Cassini Significant Events for 08/03/06 - 08/09/06
The most recent spacecraft telemetry was acquired Wednesday, August 9, from the Goldstone tracking stations. The Cassini spacecraft is in an excellent state of health and is operating normally. Information on the present position and speed of the Cassini spacecraft may be found on the “Present Position” web page located at http://saturn.jpl.nasa.gov/operations/present-position.cfm .
Thursday, August 3 (DOY 215):
Due to superior conjunction and the reduction in communications quality with the spacecraft, science this week was limited to Magnetospheric and Plasma Science (MAPS) instruments, as they performed magnetospheric surveys. More specifically, the Radio and Plasma Wave Science instrument (RPWS) mapped the occurrence of plasma waves in the Saturnian magnetosphere to determine their role in magnetospheric processes, and performed a series of observations to establish the nature of the solar wind.
NASA Astronauts Stephanie Wilson and Piers Sellars visited the Cassini real-time operations area this evening.
Monday, August 7 (DOY 219):
Minimum separation angle between Earth, the spacecraft, and the sun occurred this morning. The Radio Science Solar Corona Characterization Experiment continued with the spacecraft maintaining a high-gain antenna to Earth attitude and 1896 bps telemetry.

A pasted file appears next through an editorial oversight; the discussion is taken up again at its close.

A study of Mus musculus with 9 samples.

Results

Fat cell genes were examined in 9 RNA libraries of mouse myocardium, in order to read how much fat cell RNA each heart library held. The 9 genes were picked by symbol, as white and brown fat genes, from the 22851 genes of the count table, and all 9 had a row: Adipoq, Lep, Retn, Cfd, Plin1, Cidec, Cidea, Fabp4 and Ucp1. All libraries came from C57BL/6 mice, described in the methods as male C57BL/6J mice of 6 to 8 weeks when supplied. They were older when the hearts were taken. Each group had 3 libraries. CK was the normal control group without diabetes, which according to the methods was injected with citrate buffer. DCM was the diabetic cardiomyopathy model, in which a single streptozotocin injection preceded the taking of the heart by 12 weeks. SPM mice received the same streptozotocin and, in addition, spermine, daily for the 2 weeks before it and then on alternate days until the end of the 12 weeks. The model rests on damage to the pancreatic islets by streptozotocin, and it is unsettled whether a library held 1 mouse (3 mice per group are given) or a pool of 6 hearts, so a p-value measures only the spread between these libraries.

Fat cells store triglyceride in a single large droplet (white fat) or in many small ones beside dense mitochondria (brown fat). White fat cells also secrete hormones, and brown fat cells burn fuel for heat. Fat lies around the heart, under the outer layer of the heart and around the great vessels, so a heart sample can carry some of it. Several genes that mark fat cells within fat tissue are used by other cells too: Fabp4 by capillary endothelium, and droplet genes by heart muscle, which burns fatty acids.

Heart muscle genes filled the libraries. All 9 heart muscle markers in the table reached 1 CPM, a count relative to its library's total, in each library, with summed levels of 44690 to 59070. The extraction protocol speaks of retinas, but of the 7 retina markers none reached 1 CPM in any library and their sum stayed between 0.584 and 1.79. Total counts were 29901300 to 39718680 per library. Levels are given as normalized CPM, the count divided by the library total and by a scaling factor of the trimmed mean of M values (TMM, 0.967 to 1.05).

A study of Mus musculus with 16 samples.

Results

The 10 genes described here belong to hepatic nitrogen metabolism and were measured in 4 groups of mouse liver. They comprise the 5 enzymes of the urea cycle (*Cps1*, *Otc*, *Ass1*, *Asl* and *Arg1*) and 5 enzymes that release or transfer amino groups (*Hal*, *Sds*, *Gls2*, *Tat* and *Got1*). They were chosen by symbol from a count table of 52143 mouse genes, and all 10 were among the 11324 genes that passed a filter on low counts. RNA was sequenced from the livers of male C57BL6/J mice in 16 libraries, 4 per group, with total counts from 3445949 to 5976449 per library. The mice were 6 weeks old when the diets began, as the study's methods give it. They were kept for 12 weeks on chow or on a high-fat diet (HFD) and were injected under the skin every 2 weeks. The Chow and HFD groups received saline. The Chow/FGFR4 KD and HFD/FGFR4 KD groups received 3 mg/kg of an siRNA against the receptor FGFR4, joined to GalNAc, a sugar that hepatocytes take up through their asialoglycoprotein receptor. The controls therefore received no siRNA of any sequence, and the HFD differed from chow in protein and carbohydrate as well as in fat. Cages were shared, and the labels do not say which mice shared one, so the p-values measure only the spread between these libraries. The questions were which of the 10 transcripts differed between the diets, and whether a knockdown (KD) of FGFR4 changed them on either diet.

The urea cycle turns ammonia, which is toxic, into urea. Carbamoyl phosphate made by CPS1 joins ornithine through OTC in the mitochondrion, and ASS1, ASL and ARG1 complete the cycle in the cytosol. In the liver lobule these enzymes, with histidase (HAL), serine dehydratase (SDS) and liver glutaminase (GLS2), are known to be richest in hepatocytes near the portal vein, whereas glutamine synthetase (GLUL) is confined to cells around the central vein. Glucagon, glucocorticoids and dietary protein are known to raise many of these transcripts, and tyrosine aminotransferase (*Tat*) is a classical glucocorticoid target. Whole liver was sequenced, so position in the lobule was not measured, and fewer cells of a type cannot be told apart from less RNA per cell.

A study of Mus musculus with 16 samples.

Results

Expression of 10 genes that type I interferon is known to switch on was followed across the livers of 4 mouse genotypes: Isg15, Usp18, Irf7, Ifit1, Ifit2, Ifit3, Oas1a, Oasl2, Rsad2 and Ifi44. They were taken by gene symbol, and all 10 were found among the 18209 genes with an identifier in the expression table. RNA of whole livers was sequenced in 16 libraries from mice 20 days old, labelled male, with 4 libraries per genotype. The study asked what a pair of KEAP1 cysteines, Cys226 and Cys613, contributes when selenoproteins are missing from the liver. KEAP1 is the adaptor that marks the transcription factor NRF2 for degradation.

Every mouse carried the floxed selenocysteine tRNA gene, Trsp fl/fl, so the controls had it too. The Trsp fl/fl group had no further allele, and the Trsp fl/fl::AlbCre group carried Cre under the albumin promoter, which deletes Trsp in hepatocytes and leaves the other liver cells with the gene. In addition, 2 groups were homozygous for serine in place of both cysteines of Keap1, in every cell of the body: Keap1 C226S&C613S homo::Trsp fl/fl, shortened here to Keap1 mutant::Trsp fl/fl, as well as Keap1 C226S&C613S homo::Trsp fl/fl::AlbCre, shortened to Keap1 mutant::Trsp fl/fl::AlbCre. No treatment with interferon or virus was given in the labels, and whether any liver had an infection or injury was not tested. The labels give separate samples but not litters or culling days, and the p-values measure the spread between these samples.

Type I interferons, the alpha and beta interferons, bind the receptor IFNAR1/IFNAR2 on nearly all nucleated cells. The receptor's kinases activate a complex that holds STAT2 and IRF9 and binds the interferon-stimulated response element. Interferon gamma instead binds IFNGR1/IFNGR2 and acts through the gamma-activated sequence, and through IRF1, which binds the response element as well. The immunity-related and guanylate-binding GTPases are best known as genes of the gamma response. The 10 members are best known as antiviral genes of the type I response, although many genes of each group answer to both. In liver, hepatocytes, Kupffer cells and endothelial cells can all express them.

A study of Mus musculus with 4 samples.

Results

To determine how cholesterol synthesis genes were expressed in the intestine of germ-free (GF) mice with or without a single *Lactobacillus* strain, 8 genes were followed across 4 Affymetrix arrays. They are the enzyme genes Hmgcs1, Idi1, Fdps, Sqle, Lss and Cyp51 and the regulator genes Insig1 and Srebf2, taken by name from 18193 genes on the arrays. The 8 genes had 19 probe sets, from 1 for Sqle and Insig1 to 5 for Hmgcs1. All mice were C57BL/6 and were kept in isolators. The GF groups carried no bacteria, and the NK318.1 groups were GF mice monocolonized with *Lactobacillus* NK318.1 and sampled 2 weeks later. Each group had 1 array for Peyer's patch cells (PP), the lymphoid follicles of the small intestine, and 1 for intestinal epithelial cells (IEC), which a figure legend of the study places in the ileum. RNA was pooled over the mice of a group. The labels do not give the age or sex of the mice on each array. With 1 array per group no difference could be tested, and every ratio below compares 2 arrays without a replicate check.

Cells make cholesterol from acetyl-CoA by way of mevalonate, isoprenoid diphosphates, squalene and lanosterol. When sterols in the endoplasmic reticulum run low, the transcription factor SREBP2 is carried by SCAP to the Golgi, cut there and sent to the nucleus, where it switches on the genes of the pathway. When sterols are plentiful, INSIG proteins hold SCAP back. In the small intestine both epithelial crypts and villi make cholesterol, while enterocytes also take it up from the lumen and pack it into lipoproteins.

A project level Operations Readiness Test began today and will run till the end of the week. The purpose of the test is to exercise the flight team in the processes and procedures to be followed in the event that an Orbit Trim Maneuver fails to execute. The test conductor, in this case the Spacecraft Operations Office manager, came up with the fault to use in the test. It was decided that at the end of S23 - remember that we are currently flying S22 on the spacecraft - an OTM would only partially execute, the spacecraft would be found to have entered safe mode, the next OTM will be due to execute within three days, and the day after that a live moveable block would need to be uplinked if we were to salvage a Radio Science Saturn occultation. Six days after that the next background sequence would be scheduled to start. Remember this is only a test!
The Science Operations Plan Update kickoff meeting for S26 was held today.
Wednesday, August 9 (DOY 221):
Cassini’s own Project Scientist gave a talk to the flight team today entitled “Messages from the Icy Saturnian Satellites.”
A delivery coordination meeting was held today for a patch delivery of Mission Sequence Subsystem version D12.0.1. The delivery was driven by the need to fix problems in SEQGEN core that impact the ability to split sequences. It is believed that S25 has a high potential for being larger than the space available to store it on the spacecraft, and thus splitting would be necessary. As a patch release, D12.0.1 will overlay D12.0 and will be invisible to users.
Check out the Cassini web site at http://saturn.jpl.nasa.gov for the latest press releases and images.
The Cassini-Huygens mission is a cooperative project of NASA, the European Space Agency and the Italian Spsce Agency. The Jet Propulsion Laboratory, a division of the California Institute of Technology in Pasadena, manages the Cassini-Huygens mission for NASA’s Science Mission Directorate, Washington, D.C. JPL designed, developed and assembled the Cassini orbiter.